We often wonder what can be done with scams that arrive in our email or by telephone. I contacted our Crime Watch partner at the FBI, James Marshall, and here is what he had to say:
Hey! I just got an email from an International lottery processing company telling me I won a half a million dollars! The funds are being transferred to my account now. All I had to do was email my bank account information and wire a $3,500 fee to them. This is great!
Lucky day or Internet-based lottery scam?
What should you do if you are the victim of a scam or fraud on the Internet?
Report it to the FBI’s Internet Crime Complaint Center or IC3 at www.ic3.gov.
The mission of IC3 is to provide the public with a reliable and convenient method to submit information about Internet-facilitated criminal activity to the FBI. In 2014, IC3 received 269,422 complaints from all 50 states with a dollar loss of more than $800 million.
Florida residents ranked second only to California for the number of complaints filed and by dollar amount lost (more than $52 million).
The types of cybercrimes reported include theft of intellectual property rights, computer intrusion, economic espionage, online extortion and international money laundering. The types of frauds schemes are just a diverse and include identity theft, phishing, spam, reshipping, auction fraud, payment fraud, counterfeit goods, romance scams and nondelivery of goods. (For more information on these scams, visit www.ic3.gov)
Internet crime is a global issue with criminals using an ever-increasing array of sophisticated online techniques that cross multiple jurisdictional boundaries. So, if this is the case, why even report a scam or a loss?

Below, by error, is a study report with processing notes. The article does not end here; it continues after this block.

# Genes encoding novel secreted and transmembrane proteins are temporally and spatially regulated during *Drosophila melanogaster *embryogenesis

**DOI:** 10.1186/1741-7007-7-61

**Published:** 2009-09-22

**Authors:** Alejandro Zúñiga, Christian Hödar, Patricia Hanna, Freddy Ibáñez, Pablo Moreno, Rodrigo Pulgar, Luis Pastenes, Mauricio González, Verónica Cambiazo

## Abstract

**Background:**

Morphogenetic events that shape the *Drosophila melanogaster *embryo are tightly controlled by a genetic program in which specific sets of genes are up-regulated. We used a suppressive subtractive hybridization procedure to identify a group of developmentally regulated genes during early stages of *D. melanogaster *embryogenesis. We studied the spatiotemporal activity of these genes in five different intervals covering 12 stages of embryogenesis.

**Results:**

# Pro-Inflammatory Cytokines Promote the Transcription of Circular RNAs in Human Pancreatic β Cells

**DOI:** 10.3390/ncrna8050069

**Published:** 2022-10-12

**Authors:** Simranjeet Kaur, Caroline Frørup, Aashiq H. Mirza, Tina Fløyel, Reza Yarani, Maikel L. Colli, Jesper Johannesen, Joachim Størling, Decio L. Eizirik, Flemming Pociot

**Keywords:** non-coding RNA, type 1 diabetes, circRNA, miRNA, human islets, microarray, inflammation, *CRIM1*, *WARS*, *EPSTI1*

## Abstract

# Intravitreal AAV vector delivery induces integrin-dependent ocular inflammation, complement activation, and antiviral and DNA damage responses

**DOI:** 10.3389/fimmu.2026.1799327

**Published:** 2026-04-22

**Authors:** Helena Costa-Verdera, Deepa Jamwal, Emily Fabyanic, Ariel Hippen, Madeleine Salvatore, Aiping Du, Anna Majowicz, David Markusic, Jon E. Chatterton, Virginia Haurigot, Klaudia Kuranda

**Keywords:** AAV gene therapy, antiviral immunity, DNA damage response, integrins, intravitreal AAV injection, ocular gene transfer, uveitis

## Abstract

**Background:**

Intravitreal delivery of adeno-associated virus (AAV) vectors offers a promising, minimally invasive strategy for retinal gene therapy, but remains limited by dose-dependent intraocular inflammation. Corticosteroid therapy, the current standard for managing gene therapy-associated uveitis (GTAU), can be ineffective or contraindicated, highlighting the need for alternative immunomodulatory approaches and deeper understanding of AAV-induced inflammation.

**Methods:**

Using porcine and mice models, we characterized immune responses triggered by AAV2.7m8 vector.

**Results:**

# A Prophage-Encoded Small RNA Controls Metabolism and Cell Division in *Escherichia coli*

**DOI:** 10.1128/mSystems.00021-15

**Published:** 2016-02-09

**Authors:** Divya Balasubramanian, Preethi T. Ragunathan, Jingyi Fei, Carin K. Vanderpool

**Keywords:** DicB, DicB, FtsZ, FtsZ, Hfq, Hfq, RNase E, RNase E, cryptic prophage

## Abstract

“Reporting cyber crime is critical for law enforcement agencies to be able to track, predict and ultimately prevent this type of crime,” said Jason Manar, Supervisory Special Agent of FBI Miami’s cybercrime squad. “We encourage victims to file a complaint online at www.ic3.gov. Information from victims helps us put together the pieces of the puzzle to shut down an ongoing Internet scam.
Last year, IC3 disseminated over 1,500 referrals to law enforcement agencies to investigate reports of Internet crime. Many of these referral packages included numerous complaints and cover a wide variety of schemes.
In addition to reporting an Internet crime on IC3, victims should take steps to mitigate further loss such as, contacting banks, credit card companies and/or credit bureaus to block accounts, freeze accounts, dispute charges or attempt to recover lost funds.
Just as you would report a home break-in or a stolen car, Internet crime needs to be reported, too. Filing a complaint is just a few clicks away on your computer. Just go to www.ic3.gov.